Scratch for Budding Computer Scientist
Created by Account Deleted
last edited Jul 25 2013 by Account Deleted
The following resource is courtesy of David Malan, Harvard University.
Learning to program is ultimately about learning to think logically and to approach problems methodically. The building blocks out of which a programmer constructs solutions, meanwhile, are relatively simple. Common in programming, for instance, are “loops” (whereby a program does something multiple times) and “conditions” (whereby a program only does something under certain circumstances. Also common are “variables” (so that a program, like a mathematician, can remember certain values).
For many students, the seemingly cryptic syntax of languages like Java tends to get in the way of mastery of such relatively simple constructs as these. Before we tackle a language like Java, then, with its curly braces and semicolons, we turn our attention to Scratch, a “new programming language that lets you create your own animations, games, and interactive art.” Although originally developed for kids by the Lifelong Kindergarten research group at the MIT Media Lab, Scratch is just as useful (and fun) for budding computer scientists. By representing programs’ building blocks with color-coded blocks (i.e., puzzle pieces), Scratch “lowers the bar” to programming, allowing budding computer scientists to focus on problems rather than syntax, to master programmatic constructs rather than syntax. Syntax, of course, will come later. But, for now, we focus on programming itself. It just so happens that programming, for now, will be more like putting together a puzzle than writing Greek.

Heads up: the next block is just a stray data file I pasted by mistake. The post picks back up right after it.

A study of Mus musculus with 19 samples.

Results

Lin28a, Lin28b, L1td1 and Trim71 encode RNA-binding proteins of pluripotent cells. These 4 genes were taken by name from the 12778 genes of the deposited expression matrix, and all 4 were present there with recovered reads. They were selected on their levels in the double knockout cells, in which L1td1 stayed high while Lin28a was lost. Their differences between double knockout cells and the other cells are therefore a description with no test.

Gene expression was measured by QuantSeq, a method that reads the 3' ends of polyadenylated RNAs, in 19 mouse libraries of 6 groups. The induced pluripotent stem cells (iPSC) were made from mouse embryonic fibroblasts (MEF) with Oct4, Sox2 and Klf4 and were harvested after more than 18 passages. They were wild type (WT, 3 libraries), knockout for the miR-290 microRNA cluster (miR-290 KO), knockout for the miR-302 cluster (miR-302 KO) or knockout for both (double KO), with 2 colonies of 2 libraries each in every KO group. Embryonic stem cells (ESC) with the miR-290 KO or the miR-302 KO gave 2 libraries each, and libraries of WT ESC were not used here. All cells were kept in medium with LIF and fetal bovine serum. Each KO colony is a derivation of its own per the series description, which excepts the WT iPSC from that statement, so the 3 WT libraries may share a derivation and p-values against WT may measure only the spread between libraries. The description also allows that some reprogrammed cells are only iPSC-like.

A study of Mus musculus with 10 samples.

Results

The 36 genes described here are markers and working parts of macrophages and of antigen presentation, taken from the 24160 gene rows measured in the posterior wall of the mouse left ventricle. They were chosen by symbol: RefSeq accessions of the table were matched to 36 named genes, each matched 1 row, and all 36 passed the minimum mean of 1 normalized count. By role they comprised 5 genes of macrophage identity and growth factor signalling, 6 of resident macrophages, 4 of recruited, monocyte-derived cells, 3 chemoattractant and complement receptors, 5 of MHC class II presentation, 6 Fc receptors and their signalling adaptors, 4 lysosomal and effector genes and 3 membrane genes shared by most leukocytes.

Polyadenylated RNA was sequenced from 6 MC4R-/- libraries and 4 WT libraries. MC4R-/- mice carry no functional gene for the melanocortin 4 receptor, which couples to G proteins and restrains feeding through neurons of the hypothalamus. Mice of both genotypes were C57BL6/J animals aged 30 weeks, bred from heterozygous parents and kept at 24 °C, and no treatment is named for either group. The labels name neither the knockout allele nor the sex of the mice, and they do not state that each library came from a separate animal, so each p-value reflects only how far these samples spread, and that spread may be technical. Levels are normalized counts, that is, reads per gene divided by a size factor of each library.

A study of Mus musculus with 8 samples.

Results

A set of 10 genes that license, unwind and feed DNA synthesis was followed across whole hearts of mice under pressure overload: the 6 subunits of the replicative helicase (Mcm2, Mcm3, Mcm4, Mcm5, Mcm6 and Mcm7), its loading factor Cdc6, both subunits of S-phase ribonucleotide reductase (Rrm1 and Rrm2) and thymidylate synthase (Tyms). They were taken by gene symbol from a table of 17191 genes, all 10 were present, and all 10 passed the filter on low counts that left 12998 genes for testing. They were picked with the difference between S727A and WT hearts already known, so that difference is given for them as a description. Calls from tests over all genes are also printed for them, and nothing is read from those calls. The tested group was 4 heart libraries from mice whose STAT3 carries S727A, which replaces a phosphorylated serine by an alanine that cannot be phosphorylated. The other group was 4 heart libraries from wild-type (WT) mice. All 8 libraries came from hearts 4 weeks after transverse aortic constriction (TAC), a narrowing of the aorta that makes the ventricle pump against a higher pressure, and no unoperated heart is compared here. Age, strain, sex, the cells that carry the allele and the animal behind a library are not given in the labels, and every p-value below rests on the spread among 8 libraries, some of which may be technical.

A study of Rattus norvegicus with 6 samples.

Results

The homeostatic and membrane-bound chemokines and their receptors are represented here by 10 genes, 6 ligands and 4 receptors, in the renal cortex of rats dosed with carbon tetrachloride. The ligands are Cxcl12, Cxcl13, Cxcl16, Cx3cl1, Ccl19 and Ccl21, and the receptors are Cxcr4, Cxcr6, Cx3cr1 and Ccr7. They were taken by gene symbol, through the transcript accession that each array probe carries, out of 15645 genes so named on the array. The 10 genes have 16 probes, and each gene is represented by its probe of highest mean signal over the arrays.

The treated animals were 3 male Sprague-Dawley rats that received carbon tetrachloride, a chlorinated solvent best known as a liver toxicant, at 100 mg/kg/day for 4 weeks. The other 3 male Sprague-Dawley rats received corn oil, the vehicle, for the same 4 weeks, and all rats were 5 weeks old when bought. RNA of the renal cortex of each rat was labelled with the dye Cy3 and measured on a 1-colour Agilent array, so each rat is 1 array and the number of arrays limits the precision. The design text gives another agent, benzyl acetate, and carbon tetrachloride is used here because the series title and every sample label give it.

This tutorial introduces budding computer scientists to the building blocks of programming by way of Scratch. It assumes that you are already familiar with Scratch’s usage and, accordingly, have a general sense of how to program with Scratch.
This tutorial aspires to formalize your understanding of programming, framing some basic programming constructs in the language of Scratch.
Level: For those learners who are starting to understand programming constructs.